Great stadium debate

By the taxpayers. Maybe I was really naive before, and maybe I didn’t clearly understand the ramifications, either, but I would get excited to hear about and read about new sports stadiums.

Hey, that’s neat, I would think. Boy, those old stadiums that are all round and have their AstroTurf need to be replaced.

That was then, this is now. As we have continued into a recession and struggle to get out, it occurred to me that spending hundreds of millions on stadiums is ludicrous.

Let’s stop there for this tangent: I’m not saying that money should be spent on more government programs. I’m a limited-government guy. I expect the government to provide things like roads for transportation and public safety.

Basically, there is so much glut in the budgets of cities, counties, states and the country. Adding stadium financing should not be one of them. And I do not want to be hypocritical when it comes to government handouts.

That said, even when it comes to my favorite NHL team, the Red Wings, I don’t want to see taxpayer money going to it. Unfortunately, it’s already done.

Maybe part of the problem was my affinity for old Tiger Stadium. I was 12. Young and impressionable. I went to a dozen or so games there. The newness of Comerica Park didn’t wipe away a boy’s memories of The Corner.

I believed The Corner just needed some renovating. It didn’t need to sit empty and then rot like so many other parts of Detroit.

Now we have gone through a huge construction boom in the past 30 years. Nearly every MLB team has a new stadium. The same for the NFL.

But I look at legendary ballparks and stadiums. Places like Lambeau, Wrigley and Fenway. Yankee Stadium should have been renovated. It is possible.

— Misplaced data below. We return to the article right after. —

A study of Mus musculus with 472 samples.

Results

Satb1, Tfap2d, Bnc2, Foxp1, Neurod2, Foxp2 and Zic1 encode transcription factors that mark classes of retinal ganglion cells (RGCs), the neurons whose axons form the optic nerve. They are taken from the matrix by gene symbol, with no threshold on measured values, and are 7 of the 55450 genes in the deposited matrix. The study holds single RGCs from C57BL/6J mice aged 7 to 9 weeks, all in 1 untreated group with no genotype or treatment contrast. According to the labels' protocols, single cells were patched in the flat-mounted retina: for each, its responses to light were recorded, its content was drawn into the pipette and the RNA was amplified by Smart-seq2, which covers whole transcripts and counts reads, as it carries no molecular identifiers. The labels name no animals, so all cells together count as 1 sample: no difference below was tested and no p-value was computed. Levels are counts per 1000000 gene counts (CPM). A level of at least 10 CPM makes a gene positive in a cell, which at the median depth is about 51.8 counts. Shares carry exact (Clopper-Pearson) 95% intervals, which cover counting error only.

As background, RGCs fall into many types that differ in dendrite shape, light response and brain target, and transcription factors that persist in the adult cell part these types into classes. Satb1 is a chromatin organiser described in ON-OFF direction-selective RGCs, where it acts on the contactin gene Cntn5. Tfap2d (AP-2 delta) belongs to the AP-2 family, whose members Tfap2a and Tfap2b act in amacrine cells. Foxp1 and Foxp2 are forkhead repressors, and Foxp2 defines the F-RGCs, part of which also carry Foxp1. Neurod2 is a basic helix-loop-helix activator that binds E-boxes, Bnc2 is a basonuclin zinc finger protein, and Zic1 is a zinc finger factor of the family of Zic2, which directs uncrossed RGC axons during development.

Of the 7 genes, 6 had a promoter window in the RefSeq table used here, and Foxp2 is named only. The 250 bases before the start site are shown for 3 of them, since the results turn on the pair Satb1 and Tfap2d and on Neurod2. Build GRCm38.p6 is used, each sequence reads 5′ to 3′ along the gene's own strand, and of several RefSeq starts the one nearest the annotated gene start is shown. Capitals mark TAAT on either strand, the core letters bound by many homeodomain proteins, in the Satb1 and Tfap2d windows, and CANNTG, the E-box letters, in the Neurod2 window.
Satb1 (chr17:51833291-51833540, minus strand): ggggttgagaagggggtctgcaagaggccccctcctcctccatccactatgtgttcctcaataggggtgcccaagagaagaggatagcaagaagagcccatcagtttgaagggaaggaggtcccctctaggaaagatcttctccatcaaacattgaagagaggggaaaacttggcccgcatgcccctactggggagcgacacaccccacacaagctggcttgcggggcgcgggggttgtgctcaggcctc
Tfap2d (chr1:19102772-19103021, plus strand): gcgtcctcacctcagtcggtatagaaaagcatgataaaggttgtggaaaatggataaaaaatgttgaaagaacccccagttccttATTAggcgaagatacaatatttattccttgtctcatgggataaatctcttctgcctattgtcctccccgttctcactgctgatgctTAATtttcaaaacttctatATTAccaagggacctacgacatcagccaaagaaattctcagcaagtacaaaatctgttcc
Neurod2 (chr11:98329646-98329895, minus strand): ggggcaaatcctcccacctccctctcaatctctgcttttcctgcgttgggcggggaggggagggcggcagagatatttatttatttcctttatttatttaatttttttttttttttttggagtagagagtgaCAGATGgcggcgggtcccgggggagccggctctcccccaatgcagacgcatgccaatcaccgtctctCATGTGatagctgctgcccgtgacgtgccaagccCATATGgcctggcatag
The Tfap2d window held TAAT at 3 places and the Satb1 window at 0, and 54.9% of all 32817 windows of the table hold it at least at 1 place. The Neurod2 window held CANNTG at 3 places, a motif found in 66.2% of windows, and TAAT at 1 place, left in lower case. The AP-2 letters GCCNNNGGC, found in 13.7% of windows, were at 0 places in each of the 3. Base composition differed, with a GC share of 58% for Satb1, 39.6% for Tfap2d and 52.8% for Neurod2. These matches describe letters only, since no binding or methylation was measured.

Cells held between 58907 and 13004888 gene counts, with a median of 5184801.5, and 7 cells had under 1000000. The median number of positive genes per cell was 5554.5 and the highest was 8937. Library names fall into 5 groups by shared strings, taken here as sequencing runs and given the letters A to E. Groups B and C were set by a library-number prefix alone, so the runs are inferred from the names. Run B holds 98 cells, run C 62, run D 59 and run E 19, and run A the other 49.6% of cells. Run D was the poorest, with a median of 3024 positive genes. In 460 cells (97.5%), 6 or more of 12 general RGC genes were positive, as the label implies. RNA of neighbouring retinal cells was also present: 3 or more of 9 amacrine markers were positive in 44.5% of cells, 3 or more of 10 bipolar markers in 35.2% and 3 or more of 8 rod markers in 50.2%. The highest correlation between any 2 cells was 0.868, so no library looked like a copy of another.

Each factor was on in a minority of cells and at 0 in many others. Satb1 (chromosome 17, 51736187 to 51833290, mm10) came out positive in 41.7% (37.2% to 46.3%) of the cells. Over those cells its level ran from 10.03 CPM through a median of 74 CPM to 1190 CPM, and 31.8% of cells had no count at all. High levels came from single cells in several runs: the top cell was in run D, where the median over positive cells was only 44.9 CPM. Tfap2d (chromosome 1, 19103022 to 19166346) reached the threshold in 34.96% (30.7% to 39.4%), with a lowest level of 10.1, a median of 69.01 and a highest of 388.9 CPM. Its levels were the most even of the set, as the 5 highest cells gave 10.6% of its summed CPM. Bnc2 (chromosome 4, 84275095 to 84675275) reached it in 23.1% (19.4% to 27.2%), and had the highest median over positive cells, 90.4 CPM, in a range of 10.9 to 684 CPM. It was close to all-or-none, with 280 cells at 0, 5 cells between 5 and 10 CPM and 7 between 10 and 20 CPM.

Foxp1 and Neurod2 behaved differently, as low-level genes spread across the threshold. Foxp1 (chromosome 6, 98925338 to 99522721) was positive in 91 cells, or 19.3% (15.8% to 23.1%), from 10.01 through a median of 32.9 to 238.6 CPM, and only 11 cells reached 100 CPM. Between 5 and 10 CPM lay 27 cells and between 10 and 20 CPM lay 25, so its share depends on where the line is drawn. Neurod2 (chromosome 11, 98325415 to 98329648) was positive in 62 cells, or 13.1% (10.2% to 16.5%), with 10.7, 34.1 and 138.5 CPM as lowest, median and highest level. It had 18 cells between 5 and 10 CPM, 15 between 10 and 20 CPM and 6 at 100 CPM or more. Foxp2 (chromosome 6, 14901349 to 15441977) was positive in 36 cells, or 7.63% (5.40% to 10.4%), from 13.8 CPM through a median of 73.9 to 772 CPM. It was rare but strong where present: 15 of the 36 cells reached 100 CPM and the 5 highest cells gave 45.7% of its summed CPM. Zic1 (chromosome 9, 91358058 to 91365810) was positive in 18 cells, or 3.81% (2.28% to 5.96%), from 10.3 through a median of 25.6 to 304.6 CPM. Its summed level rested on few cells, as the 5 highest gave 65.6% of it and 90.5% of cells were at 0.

Instead, Atlanta is replacing the stadium from the 1996 Summer Olympics. Word is the Texas Rangers are looking to replace their ballpark in Arlington.

Some ballparks definitely needed replacing. In some cases, still need replacing. Both the home of the Tampa Bay Rays and the home of the Oakland A’s/Raiders need to be dealt with.

That doesn’t mean that the taxpayers should be on the hook for hundreds of millions of dollars.

Certainly when a factory is enticed to come to an area, tax breaks are offered. That, to a point, is somewhat understandable. The point is that if the break offered is too steep, when the sun sets on the break, what prevents the company from shopping around for another factory and leaving the current one as an empty shell.

Even here, though, the tax break isn’t an outright cash infusion into a complex paid for at least half of which by the taxpayer but the officials have little to no say on the operation of the complex.

Another aspect that I really disagree with is the land grab that goes with it at times. A particular instance I disagree with is negotiation between Wayne County and the folks trying to bring MLS soccer to Detroit over the delayed Wayne County jail site in downtown.

If the owners, made rich off of lucrative TV rights and their own businesses that allowed them to invest in the team in the first place, can’t afford a home for said teams, perhaps they should look for other private investors first before trying to take on the public as an investing partner.